Busselton Walks and Tracks - Tuart Forest National Park
The park's vegetation also includes a number of isolated and remnant populations of several plant species, normally associated with WA's South Coast. There is also a thriving community of fungi, including some species yet to be named. Last, but certainly not least, the Tuart Forest National Park provides an abundance of nesting hollows, used by many species of waterbirds that feed in the adjacent wetlands.
The park also protects WA's largest remaining wild population of the endangered western ringtail possum. This is largely because old tuart trees contain many hollows, while the dense secondary storey of peppermint supplies their major source of food. The forest is also home to the densest population of brushtail possums ever recorded in the State. Other residents include the brush-tailed phascogale, bush rat, kangaroo, quenda (also known as the southern brown bandicoot), at least 11 species of birds of prey and nocturnal birds.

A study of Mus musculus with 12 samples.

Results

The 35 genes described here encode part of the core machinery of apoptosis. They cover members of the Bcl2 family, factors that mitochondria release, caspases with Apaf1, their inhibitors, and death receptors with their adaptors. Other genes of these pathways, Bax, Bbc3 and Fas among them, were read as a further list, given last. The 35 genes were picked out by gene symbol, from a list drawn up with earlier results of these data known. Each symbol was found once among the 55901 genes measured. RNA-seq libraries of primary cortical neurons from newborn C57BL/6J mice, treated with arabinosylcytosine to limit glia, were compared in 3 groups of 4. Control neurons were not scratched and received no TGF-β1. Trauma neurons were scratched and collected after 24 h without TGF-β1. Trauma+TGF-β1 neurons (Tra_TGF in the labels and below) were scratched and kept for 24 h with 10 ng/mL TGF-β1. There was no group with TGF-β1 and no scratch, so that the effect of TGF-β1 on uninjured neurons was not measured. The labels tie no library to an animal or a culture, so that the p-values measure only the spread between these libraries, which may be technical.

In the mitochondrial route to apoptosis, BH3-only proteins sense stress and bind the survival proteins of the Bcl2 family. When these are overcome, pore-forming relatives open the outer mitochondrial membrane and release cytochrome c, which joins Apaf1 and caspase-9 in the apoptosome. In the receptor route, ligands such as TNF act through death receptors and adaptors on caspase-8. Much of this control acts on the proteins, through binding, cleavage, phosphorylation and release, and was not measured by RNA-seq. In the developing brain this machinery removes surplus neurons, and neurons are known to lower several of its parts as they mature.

POSSUM NIGHT SPOTLIGHTING TRAIL -- Easy 1.5-kilometre, 1-hour, walk. Also beginning at Layman picnic site, this self-guided trail is designed to be completed at night with a spotlight or large torch, so as to come face-to-face with the nocturnal inhabitants of the tuart forest. You are highly likely to see the rare western ringtail possum and the more common brushtail possum. Red reflectors on the trail markers and information plaques guide the way.
(Information from Dept of Conservation)
15 km north-east of Busselton - look for the Tuart Forest Scenic Drive signs.